The convergence of the high-yield bond and leveraged loan markets is causing a shortage of junk issues, market participants say.
Issuance of high-yield bonds has already surpassed $100 billion this year. But experts doubt that that breakneck pace is sustainable.
The culprit is convergence, said Martin Fridson, chief high-yield strategist at Merrill Lynch & Co. Speaking at a syndicated loan symposium last week, Mr. Fridson said the leveraged loan market has "cannibalized" issues that once would have been brought to the high-yield market.
As a result, Mr. Fridson said, there will not be enough new junk bond issues to satisfy investor demand. High-yield mutual funds have seen record inflows of $20 billion this year.
Convergence is "the single biggest capital markets story in the 1990s," said Robert Griffin, executive vice president and head of loan syndications, leveraged finance, and trading at BankAmerica Corp.
Mr. Griffin also spoke at the conference, which was sponsored by Strategic Research Institute and American Banker.
Tight spreads, persistent across all financial markets today, are evidence of the junk bond shortage. The shortage has also helped spur globalization of the high-yield market and has sent bond portfolio managers to the leveraged loan sector.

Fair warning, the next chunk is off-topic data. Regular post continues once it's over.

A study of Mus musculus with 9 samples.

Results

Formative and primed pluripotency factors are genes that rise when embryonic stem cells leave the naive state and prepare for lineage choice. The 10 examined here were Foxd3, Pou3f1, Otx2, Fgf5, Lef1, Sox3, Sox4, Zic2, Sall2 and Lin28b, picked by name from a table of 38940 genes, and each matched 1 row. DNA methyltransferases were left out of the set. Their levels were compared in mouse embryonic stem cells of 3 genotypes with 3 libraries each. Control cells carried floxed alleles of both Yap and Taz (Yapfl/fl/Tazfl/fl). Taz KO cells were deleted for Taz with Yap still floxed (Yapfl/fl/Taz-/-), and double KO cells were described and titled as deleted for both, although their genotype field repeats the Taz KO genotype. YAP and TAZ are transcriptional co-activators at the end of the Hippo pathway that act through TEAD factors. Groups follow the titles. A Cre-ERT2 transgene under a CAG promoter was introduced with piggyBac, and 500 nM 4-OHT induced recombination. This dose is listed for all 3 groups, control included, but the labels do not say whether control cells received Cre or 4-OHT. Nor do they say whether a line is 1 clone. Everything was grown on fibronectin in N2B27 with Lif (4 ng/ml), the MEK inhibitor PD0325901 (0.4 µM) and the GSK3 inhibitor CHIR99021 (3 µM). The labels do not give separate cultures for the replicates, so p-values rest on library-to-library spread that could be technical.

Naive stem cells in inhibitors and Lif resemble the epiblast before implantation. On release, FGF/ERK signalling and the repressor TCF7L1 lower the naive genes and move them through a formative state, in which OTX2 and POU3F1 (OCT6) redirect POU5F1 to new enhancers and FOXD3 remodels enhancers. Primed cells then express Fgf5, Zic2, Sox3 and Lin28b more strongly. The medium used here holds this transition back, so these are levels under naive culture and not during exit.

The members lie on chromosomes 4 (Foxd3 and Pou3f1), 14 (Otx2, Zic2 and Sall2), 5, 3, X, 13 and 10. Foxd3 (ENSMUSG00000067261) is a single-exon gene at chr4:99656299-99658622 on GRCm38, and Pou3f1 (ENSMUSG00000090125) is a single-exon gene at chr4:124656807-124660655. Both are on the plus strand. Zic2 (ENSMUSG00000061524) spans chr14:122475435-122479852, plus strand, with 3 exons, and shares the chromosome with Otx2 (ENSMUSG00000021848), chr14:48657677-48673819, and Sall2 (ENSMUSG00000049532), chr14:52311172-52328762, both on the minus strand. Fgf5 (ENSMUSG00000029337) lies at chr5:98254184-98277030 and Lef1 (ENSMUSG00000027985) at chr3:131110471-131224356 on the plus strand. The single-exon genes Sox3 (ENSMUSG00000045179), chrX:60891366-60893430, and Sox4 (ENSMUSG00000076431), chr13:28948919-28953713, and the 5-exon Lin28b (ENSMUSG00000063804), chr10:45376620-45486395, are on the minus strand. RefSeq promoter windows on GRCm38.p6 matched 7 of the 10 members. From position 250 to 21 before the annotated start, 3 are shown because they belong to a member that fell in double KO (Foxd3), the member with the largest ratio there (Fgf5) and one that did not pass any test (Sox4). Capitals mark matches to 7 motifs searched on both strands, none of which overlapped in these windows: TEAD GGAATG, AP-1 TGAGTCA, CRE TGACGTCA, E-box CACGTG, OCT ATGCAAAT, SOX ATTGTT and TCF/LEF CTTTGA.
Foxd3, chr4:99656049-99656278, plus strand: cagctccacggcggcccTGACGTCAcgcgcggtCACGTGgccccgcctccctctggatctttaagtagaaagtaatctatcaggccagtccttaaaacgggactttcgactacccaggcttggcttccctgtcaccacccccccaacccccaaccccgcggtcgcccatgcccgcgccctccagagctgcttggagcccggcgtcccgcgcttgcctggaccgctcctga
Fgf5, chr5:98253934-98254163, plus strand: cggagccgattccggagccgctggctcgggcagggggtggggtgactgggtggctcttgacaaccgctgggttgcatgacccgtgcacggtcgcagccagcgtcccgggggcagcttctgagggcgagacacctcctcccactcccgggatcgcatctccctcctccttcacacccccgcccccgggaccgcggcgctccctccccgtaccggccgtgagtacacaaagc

Still, given low default rates and favorable conditions in the money markets, high-yield spreads are "where they should be," Mr. Fridson said.
Some market participants view convergence of the markets as a positive development.
William Sacher, head of leveraged finance at NationsBanc Montgomery Securities, said the total activity of crossover deals "has not taken a lot out of the bond market." He said a crossover market "could develop over time, but the appetite ebbs and flows."
Kevin Meenan, a principal at Meenan McDevitt Co., a loan trading firm based in Harrison, N.Y., added that crossover is to be "expected in the evolution of any market. As the investors and issuers get more sophisticated, they can have a better-formed opinion of what value and fair pricing are."
Still, the overlapping of the loan and bond markets has forced intermediaries to take an integrated approach to leveraged finance.
Now that boundaries between the products are not as clearly defined, Mr. Meenan said, relationship managers must become familiar with all types of capital-raising tools.
"It puts pressure on all of the players in each market to provide one- stop shopping," Mr. Meenan added. "If you have the relationships, you want to be able to exploit the market opportunities."
Convergence "requires the firms that want to be players to have the infrastructure and the people that are capable of bouncing back and forth between the loan and bond markets," said Kenneth Kencel, a managing director at Indosuez Capital, the merchant banking arm of Credit Agricole Indosuez.
"On the structuring side, it is important to consolidate knowledge," Mr. Kencel added.